Effects of 0.5 and 1.0 MAC isoflurane, sevoflurane and desflurane on intracranial and cerebral perfusion pressures in children
Isoflurane has been a commonly used agent for neuroanesthesia, but newer agents, sevoflurane and desflurane, have a quicker onset and shorter emergence from anesthesia and are increasingly preferred for general pediatric anesthesia. But their effects on intracranial pressure (ICP) and cerebral perfusion pressure (CPP), especially in pediatric patients with already increased ICP, have not been well documented. Methods:
We studied 36 children scheduled for elective implantation of an intraparenchymal pressure device for 24 h monitoring for suspected elevated ICP. After a standardized intravenous anesthesia, the patients were moderately hyperventilated with 60% nitrous oxide (N2O) in oxygen. The patients were then randomized to receive 0.5 and 1.0 MAC of isoflurane (Group I, n = 12), sevoflurane (Group S, n = 12) or desflurane (Group D, n = 12) in 60% N2O in oxygen. Respiratory and hemodynamic variables, ICP and CPP were recorded at baseline and after exposure to a target level of test drug for 10 min or until CPP fell below 30 mmHg (recommended lower ICP level is 25 mmHg in neonates, rising to 40 mmHg in toddlers). Results:
When comparing baseline values with values at 1.0 MAC, mean arterial pressure (MAP) decreased (P < 0.001) in all groups, with no differences between the groups. ICP increased (P < 0.001) with all agents, mean +2, +5, and +6 mmHg in Group I, S and D, respectively, with no differences between the groups. Regression analyzes found no relationship between baseline ICP and the increases in ICP from baseline to 1.0 MAC for isoflurane or sevoflurane. However, increased baseline ICP tended to cause a higher ICP increase with 1.0 MAC desflurane; regression coefficient +0.759 (P = 0.077). The difference between regression coefficients for Group I and Group D were not significant (P = 0.055). CPP (MAP-ICP) decreased (P < 0.001) in all groups, mean −18, −14 and −17 mmHg in Group I, S and D, respectively, with no significant difference between the groups. Conclusions:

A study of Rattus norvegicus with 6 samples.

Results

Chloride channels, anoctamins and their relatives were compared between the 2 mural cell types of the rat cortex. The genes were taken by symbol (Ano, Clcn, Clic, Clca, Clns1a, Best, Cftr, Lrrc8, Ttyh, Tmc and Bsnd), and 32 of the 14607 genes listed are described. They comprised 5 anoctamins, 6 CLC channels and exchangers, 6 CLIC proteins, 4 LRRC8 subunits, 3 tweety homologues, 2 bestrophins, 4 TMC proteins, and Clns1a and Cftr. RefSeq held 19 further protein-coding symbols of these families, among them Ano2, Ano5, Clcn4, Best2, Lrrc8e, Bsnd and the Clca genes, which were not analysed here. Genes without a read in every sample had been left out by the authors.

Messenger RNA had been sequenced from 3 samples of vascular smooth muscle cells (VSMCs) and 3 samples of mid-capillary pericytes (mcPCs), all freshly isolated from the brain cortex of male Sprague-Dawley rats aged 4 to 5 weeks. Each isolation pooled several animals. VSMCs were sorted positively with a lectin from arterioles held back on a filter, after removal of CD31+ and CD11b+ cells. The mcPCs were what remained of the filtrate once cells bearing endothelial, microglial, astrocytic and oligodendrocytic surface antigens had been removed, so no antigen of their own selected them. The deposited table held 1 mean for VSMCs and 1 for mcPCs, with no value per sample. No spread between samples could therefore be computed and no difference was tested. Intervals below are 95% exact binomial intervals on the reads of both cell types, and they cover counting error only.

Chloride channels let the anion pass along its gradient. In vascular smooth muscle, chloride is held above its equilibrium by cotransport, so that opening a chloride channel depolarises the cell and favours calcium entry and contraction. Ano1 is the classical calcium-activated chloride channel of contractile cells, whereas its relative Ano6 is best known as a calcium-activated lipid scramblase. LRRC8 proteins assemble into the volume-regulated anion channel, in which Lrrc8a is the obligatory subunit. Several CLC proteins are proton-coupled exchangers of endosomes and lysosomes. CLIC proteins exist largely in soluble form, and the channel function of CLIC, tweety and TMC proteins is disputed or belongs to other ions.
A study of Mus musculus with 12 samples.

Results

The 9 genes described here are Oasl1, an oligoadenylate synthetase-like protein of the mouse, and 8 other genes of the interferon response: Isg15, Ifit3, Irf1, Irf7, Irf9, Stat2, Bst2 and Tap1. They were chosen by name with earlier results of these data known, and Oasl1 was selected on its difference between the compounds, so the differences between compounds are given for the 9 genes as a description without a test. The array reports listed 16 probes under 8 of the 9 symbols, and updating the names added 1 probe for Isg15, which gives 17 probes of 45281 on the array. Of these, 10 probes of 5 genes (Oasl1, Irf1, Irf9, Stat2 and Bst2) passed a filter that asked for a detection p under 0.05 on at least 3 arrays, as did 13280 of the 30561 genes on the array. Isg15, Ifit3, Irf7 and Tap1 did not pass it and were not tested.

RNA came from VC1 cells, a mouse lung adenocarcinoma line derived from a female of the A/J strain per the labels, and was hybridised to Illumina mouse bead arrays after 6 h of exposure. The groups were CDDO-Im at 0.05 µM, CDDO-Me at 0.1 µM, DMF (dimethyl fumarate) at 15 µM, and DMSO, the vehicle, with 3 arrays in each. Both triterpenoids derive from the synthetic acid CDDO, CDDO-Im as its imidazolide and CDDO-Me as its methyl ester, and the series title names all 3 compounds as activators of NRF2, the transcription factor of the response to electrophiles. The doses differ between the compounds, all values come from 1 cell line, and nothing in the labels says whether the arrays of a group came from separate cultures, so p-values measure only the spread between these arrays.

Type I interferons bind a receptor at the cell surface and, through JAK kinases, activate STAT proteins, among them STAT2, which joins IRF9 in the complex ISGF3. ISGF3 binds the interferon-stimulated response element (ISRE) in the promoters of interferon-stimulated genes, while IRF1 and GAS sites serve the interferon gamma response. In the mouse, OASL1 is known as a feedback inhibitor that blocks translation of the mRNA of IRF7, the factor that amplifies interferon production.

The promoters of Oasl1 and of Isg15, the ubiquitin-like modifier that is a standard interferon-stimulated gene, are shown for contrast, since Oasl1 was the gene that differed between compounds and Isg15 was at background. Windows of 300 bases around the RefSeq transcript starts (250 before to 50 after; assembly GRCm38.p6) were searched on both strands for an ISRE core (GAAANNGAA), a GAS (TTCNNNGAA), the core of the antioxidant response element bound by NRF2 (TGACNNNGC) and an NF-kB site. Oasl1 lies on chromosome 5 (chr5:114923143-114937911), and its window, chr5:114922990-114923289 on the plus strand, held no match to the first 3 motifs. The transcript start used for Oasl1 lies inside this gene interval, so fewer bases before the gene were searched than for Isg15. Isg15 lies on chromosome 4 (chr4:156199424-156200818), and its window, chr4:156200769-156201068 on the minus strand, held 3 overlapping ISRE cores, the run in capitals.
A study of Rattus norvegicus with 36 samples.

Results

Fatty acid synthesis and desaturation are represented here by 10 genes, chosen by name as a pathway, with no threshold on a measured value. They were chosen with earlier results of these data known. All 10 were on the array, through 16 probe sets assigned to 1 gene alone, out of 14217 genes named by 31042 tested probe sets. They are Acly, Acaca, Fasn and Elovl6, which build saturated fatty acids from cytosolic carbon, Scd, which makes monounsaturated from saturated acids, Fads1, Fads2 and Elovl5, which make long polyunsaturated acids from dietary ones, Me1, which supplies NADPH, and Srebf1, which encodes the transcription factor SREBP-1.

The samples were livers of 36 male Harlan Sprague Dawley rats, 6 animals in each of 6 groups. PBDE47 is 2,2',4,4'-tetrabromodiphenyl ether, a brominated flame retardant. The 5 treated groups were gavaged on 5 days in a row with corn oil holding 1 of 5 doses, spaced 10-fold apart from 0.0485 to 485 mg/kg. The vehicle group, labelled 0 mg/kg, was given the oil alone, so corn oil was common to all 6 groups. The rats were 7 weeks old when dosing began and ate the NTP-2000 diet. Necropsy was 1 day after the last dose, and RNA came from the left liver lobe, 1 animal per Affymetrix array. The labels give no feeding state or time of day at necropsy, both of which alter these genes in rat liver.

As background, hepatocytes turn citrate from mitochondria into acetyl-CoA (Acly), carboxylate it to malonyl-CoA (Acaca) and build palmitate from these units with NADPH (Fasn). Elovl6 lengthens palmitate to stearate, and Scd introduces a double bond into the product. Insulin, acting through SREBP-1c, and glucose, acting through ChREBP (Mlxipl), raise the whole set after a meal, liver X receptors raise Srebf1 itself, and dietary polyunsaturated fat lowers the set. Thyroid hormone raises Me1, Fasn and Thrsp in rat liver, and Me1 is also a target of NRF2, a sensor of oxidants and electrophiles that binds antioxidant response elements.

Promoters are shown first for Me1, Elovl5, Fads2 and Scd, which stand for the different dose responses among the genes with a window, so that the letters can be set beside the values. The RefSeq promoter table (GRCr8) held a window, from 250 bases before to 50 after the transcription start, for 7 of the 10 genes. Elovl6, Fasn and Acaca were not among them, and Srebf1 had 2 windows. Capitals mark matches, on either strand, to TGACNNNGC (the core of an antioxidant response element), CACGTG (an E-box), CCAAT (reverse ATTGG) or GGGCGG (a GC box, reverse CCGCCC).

0.5 and 1.0 MAC isoflurane, sevoflurane and desflurane in N2O all increased ICP and reduced MAP and CPP in a dose-dependent and clinically similar manner. There were no baseline dependent increases in ICP from 0 to 1.0 MAC with isoflurane or sevoflurane, but ICP increased somewhat more, although statistically insignificant, with higher baseline values in patients given desflurane. The effect of MAP on CPP is 3–4 times higher than the effect of the increases in ICP on CPP and this makes MAP the most important factor in preserving CPP. In children with known increased ICP, intravenous anesthesia may be safer. However, maintaining MAP remains the most important determinant of a safe CPP.